In this combined volume, A Perfect Likeness, two previously published novellas by Richard Wagamese, Him Standing and The Next Sure Thing, are brought together. Richard Wagamese, Ojibwe, was a Canadian author and journalist from the Wabaseemoong Independent Nations in Northwestern Ontario. He published over fifteen books, some of them posthumously. The foreword is by Waubgeshig Rice an author and journalist from Wasauksing First Nation on Georgian Bay. He has written three fiction titles, and his short stories and essays have been published in numerous anthologies.
Haida Eagle Treasures: Traditional Stories and Memories From A Teacher of the Tsath Lanas Clan, by Pansy Collison with original artwork by Paul White, celebrates Haida culture through storytelling. Take a journey into the heart of Haida culture as it is lived and experienced by an extraordinary woman of the Tsath Lanas Eagle Clan, Pansy Collison, a Haida woman born and raised in Old Massett on Haida Gwaii.
Haudenosaunee Culture through Art & Design: Book 1, is a colouring book of a beautifully curated collection of works by Mohawk artist Teyotsihstokwáthe Dakota Brant. Inside you'll find 13 pages of designs that include captions with insights into the culture of the Longhouse People, their gardening culture, ancestral stories, connection with the natural world and more.This colouring book also shares some basic knowledge of design development, pages highlighting who the Haudenosaunee people are and provides a perspective to the question "Do I have to be Haudenosaunee to practice Hauden
Haudenosaunee Culture through Art & Design: Book, Teachers Edition is an Ontario curriculum-based teacher’s companion to the Haudenosaunee Culture through Art & Design: Book 1 colouring book and can be used by any teacher, Indigenous and non-Indigenous, anywhere, to help their students learn about the core Elements of Design that make up Visual Art.
Kamloopa: An Indigenous Matriarch Story, is a play written by Kim Senklip Harvey, a proud Nation member of the Syilx, and Tsilhqot'in with Ancestral ties to the Dakelh, Secwepemc and Ktunaxa communities. In Kamloopa, the largest Powwow on the West Coast, this high-energy Indigenous matriarchal story follows two urban Indigenous sisters and a lawless Trickster who face our postcolonial world head-on as they come to terms with what it means to honour who they are and where they come from. But how to go about discovering yourself when Christopher Columbus allegedly already did that?
In Dog Tracks, Ruby Slipperjack, a member of Eabametoong First Nation, writes the story of those who return to the reserve and rediscover their culture. The book is both a celebration of Abby's youthful determination and a series of teachings about Anishinawbe traditions, history, and culture. Dog Tracks is a book that crosses genres: It is a tender story of an uprooted girl who finds home and self, and it is also a subtle text that gives readers a glimpse of traditional and non-traditional life on a northern Ontario reserve. Abby is having trouble fitting in at Bear Creek Reserve.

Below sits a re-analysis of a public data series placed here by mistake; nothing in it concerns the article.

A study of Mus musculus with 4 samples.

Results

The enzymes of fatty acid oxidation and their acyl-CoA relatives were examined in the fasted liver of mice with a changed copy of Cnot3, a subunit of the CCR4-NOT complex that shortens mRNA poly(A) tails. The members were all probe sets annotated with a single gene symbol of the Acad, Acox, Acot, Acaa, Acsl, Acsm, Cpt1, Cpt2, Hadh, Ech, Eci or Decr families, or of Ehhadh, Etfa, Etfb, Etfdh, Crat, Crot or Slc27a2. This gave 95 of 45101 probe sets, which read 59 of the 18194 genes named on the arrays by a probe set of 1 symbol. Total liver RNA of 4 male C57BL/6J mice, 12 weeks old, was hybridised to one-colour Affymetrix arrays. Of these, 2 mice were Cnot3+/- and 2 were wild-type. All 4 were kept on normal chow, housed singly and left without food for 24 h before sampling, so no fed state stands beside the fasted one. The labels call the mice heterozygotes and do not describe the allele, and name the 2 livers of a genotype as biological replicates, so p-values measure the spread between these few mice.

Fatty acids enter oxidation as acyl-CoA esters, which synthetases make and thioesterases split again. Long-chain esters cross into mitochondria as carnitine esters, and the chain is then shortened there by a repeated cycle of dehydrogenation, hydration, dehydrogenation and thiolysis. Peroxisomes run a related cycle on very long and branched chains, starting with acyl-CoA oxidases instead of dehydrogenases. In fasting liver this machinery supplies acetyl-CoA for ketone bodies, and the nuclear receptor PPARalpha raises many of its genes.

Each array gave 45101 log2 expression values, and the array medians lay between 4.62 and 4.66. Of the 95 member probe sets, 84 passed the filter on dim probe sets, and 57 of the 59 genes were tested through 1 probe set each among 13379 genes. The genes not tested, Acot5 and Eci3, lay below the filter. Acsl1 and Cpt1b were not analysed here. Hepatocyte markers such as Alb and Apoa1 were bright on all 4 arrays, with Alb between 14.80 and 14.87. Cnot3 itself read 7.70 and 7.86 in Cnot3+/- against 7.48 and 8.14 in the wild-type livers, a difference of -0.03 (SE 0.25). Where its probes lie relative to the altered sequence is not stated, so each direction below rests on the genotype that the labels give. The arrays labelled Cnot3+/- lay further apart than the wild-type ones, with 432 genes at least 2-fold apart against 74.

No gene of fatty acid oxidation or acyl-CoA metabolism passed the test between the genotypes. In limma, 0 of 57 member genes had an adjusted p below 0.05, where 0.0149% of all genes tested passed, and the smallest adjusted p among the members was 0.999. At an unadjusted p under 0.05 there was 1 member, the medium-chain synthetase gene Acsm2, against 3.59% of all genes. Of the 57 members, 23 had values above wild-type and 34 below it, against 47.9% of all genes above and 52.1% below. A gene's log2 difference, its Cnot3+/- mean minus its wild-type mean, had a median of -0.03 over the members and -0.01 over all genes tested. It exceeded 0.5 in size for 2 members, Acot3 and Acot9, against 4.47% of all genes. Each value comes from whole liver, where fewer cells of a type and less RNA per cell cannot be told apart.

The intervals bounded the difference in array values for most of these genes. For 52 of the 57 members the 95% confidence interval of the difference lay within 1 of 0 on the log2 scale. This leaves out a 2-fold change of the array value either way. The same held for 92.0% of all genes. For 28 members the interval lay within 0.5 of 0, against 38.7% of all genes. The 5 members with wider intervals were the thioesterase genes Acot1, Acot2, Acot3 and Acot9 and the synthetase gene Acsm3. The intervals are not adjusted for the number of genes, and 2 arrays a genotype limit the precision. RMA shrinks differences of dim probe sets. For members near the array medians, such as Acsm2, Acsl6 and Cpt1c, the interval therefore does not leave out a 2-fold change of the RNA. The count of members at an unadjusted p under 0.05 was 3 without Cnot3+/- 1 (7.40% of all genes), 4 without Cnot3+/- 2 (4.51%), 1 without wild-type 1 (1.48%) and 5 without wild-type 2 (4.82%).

Th’owxiya / The Hungry Feast Dish by Kwantlen First Nation writer, Joseph Dandurand, is the story of the Kwantlen First Nation village of Squa’lets and the tale of Th’owxiya, an old and powerful spirit that inhabits a feast dish of tempting, beautiful foods from around the world. But even surrounded by this delicious food, Th’owxiya herself craves only the taste of children. When she catches a hungry mouse named Kw’at’el stealing a piece of cheese from her dish, she threatens to devour Kw’at’el’s whole family, unless he can bring Th’owxiya two child spirits.
i? siw?kw nkwancin?m k??l suli? / The Water Sings to Suli? is by Syilx and Nla’kapamux Nations writer Harron Hall and illustrated by Shianna Allison, a Syilx, Yakima, and Stolo multidisiplinary artist from the lower Similkameen Indian Band. i? siw?kw nkwancin?m k??l suli? / The Water Sings to Suli? is an original story with a universal message, shedding light on the importance of water as a living entity. The story features a young girl named suli?, who hears the song of the water calling for her while playing outside. suli? ventures out of her yard and into the forest.
k?xntim s?anix? k??l nix?titk? acx??l?x?alt / We Go With Muskrat is by Syilx and Nla’kapamux Nations writer Harron Hall and illustrated by Ron Hall, of Okanagan and Thompson ancestry and is a member of the Osoyoos Band. Those Living Underwater is an interactive story with s?anix? (Muskrat) in the lead, allowing readers to learn both the n’syilxwcn and English names of underwater creatures living in the Okanagan Valley. The book seamlessly combines beautiful imagery with amusing descriptions as Muskrat introduces a diverse set of underwater creatures.